Recently, I saw the movie “Up in the Air” – for the second time.
It opens with passing aerial views of various American landscapes as corporate downsizer Ryan Bingham (aka George Clooney) flies to another layoff assignment. The next scene shows employees suddenly realizing that their “job is no longer available.” Oh, my gosh! Too real!
While the content of the movie is about Ryan and his unencumbered lifestyle, the context of the film is the world job loss, layoffs and 15+ million unemployed and in the midst of their own career transition. It reveals the shock and emotional hit of being unemployed, “up in the air” and alone.
No! Wait! Stop! It does not have to be that way!
Hope and New Employment in Career Groups
Last Monday at 7:30 am, I went to North Point Community Church in Alpharetta, GA and saw 200+ people meeting and greeting one another at a career group event. The volunteer leader, Peter Bourke, invited people to sit at one of 30 round tables.
“Most jobs that get filled are not posted publically,” Peter began. “Most are filled through networking. Networking, however, is really hard without relationships. That is why we are here today. Here you can meet people, make friends, start relationships and help one another.”
3 Rules to Get Started
Peter continued, “Now, here are three rules I think you will find helpful:
- The 3-foot Rule: If you get within 3 feet of anyone, you are obligated to share your career transition with them.
- The Help-Others-First Rule: You probably came in today wondering who can help you find leads. I want you to leave and come back in with a new mind-set: ‘Who can I help?’
- The Have-a-Weekly Plan Rule: Be prepared to share the job and the employers you seek, including a list of top-5 organizations within which you want to network. Know the help you need – whether it is contacts, intelligence about an employer or encouragement to keep going.”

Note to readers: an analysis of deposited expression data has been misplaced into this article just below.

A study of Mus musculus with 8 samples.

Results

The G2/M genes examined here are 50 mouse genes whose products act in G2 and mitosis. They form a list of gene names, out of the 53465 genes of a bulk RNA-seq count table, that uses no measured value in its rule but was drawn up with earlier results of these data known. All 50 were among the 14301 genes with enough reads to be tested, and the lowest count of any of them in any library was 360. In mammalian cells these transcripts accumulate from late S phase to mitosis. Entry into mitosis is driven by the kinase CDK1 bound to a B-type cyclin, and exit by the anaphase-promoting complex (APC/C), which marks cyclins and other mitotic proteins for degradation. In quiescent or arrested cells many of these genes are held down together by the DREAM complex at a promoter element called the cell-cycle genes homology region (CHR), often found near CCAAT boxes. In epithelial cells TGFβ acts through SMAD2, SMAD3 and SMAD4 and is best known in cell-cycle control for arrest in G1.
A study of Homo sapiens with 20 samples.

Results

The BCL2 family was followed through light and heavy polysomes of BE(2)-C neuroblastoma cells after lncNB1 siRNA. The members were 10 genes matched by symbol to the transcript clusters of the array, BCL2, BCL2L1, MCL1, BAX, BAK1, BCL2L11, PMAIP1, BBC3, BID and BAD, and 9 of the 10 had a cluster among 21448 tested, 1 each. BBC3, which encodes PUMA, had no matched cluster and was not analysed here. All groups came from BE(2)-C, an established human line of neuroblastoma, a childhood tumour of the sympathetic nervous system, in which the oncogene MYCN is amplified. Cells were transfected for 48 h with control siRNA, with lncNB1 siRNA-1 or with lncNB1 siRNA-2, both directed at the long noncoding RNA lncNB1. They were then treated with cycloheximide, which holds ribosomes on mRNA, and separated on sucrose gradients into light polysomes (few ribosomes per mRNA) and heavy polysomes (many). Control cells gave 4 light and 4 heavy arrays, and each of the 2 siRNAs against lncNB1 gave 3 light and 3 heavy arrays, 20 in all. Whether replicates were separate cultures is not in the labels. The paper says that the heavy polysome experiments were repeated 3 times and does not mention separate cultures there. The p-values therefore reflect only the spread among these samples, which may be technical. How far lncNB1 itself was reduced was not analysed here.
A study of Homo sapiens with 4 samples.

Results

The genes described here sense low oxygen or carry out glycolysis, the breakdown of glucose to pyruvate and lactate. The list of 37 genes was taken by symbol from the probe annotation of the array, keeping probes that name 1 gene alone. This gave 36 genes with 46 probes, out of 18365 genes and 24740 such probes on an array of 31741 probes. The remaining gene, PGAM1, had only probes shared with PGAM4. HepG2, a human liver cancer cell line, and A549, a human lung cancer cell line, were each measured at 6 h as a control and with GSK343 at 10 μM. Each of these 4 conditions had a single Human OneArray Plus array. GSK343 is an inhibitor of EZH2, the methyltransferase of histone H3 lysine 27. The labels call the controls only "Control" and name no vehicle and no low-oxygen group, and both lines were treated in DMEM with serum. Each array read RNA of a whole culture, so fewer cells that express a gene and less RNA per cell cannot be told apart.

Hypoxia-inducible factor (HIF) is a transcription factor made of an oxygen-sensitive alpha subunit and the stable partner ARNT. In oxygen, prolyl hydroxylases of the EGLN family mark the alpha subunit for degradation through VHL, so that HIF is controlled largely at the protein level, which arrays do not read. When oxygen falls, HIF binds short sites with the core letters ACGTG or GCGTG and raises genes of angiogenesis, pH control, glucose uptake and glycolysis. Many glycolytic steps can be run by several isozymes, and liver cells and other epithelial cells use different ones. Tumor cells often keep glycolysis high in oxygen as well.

We quickly moved on to a facilitated conversation around the table. Each person had 10 minutes to describe the opportunity desired and help needed. Others offered suggestions, shared phone numbers and email addresses. Today I sent an introductory email to an HR director looking for a contact in a specific company, and a friend of mine who is a VP in that company. That is the power of career groups, contacts, relationships and personal referrals!
You Don’t Have to Go It Alone
Back to the movie! “Up in the Air” ended with video clips of people who were unemployed talking about their career transition and the power of relationships.
The moral to the story? Career transition is NOT a journey to be made alone. Take the trip with others. Consider it a team effort in which we help one another with contacts, counsel, encouragement and accountability.
Find career groups near you. Be prepared, reach out and help others through their crossroads.